By Todd Benson | Reuters
A coalition of moderate Cuban dissidents called on Thursday for the country’s opposition groups to unite and come up with a common proposal for a transition to democracy on the communist island.
With Cuban leader Fidel Castro temporarily sidelined from office while he recovers from health problems, the dissidents said they saw a window of opportunity to join forces and push for a constructive dialogue with the government.
Cuban dissidents Manzano, Bonne, Roque and Roca address the media at the residence of Parmly, head of the U.S. diplomatic mission in Havana
“First, it’s absolutely fundamental for us to decide how we’re going to arrive at a democracy,” Manuel Cuesta Morua, a leading social-democrat dissident, said at a news conference with foreign media in a run-down building in central Havana.
“The challenge is to build a consensus from all the different proposals that already exist.”
Cuesta Morua is a founding member of the Alliance for Dialogue and Reconciliation, a coalition of moderate dissident groups leading the push for unity among a political opposition that is small, fragmented, riven by rivalries and frequently infiltrated by government operatives.
Opposition groups are outlawed but often tolerated in Cuba, a one-party state ruled by Castro since a 1959 revolution.
Almost a dozen groups have drawn up proposals for political change over the last decade. The coalition hopes to gather them in the coming months to find common ground to lobby for a gradual shift toward democracy.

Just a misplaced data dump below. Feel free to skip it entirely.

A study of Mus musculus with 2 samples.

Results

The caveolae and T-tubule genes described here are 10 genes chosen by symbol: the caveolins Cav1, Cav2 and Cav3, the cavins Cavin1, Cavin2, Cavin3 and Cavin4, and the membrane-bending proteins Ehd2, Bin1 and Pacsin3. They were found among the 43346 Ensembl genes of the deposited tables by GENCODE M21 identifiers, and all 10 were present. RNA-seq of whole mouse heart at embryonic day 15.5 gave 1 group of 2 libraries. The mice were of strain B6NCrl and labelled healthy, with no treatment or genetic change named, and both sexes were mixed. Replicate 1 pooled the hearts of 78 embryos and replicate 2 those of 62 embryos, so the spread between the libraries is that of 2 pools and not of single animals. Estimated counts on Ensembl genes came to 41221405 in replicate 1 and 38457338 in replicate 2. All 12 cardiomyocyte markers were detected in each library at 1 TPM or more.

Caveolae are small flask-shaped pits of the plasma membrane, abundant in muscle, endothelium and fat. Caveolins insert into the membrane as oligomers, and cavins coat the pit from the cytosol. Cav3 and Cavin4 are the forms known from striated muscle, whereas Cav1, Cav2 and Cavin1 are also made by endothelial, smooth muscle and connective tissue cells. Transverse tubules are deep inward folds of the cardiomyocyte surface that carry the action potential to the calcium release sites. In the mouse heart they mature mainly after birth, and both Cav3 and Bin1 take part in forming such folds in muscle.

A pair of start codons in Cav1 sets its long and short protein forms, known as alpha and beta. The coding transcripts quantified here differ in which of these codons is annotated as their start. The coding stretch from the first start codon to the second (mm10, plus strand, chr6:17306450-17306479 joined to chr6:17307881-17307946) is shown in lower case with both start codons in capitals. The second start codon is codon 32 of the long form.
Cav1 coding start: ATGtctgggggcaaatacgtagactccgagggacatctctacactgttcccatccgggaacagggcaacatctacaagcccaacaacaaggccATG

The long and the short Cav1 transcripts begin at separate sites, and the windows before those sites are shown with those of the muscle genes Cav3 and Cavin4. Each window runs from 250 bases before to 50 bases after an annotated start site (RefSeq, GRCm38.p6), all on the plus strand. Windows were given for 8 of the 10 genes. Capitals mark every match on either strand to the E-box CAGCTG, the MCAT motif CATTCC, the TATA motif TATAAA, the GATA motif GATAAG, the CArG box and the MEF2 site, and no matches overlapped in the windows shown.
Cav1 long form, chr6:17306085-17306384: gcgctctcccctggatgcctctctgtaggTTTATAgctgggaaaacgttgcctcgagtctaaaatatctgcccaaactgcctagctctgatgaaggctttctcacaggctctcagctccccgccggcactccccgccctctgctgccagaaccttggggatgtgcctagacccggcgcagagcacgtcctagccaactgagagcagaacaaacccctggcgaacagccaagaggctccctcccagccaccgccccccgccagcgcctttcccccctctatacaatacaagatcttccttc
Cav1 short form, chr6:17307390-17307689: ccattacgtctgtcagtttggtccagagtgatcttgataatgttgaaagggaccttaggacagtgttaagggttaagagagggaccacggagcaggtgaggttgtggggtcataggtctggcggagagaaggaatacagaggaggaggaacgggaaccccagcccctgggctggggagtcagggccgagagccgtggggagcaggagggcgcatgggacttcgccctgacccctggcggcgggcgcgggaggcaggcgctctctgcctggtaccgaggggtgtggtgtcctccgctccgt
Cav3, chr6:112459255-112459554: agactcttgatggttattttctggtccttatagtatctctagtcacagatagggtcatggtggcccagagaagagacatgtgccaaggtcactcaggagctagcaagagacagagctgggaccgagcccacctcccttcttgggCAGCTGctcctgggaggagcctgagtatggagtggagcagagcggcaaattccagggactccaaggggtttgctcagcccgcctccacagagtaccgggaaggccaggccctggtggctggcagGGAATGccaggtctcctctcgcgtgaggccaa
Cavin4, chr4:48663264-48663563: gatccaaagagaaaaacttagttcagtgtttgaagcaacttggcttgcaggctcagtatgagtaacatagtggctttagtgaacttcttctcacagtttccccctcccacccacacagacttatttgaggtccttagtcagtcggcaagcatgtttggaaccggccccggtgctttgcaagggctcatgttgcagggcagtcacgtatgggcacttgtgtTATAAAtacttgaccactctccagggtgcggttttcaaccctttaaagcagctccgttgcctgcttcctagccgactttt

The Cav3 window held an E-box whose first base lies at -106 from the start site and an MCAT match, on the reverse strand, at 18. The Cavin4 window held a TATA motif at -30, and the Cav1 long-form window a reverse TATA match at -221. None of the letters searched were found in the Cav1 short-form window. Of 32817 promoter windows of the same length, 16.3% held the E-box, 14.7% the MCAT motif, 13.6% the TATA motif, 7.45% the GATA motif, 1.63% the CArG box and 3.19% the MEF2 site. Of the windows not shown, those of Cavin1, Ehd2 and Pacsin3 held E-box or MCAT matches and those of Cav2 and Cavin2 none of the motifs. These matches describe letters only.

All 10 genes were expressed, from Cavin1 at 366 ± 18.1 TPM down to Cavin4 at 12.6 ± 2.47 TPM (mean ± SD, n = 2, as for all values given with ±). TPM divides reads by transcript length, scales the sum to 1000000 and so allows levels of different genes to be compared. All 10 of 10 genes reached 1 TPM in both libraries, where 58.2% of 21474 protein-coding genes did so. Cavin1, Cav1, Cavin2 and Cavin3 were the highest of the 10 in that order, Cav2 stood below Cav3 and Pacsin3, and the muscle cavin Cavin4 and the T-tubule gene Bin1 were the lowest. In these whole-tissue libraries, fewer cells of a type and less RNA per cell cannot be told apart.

“Today more than ever it’s apparent just how divided we are,” said Fernando Sanchez, president of the opposition Democratic Solidarity Party. “It’s time to try to come up with a single alternative for change that is backed by all the opposition.”
Castro was forced to hand over power temporarily to his younger brother, Raul Castro, in July 2006 when he had intestinal surgery.
The Cuban government, which declined to comment on the coalition’s call for dialogue, has insisted there will be no change to the political system.
There have been calls for unity among Cuban dissidents before. But those efforts failed, derailed by personal rivalries and differing political visions.
When Cuesta Morua and Sanchez founded their coalition in April, some dissidents distanced themselves from the initiative, saying unity did not require a formal pact.
Some of those dissidents met separately on Thursday with foreign media at the residence of the head of the U.S. Interest Section, which handles Washington’s dealings with Havana in the absence of formal diplomatic relations and an embassy.
They said that serious dialogue with the Cuban government could only happen once all political prisoners were freed.
The Cuban Commission for Human Rights and National Reconciliation, another opposition group, estimates that about 280 dissidents are in prison for political reasons.
The government denies there are political prisoners on the island and says the jailed dissidents are “mercenaries” on the payroll of its long-time ideological foe, the United States.
Washington has enforced an economic embargo on Cuba for 45 years.
“Cuban dissidents are not mercenaries. We’re fighting peacefully for democracy in our country,” said Martha Beatriz Roque, a former university professor and hard-line dissident who has served jail time.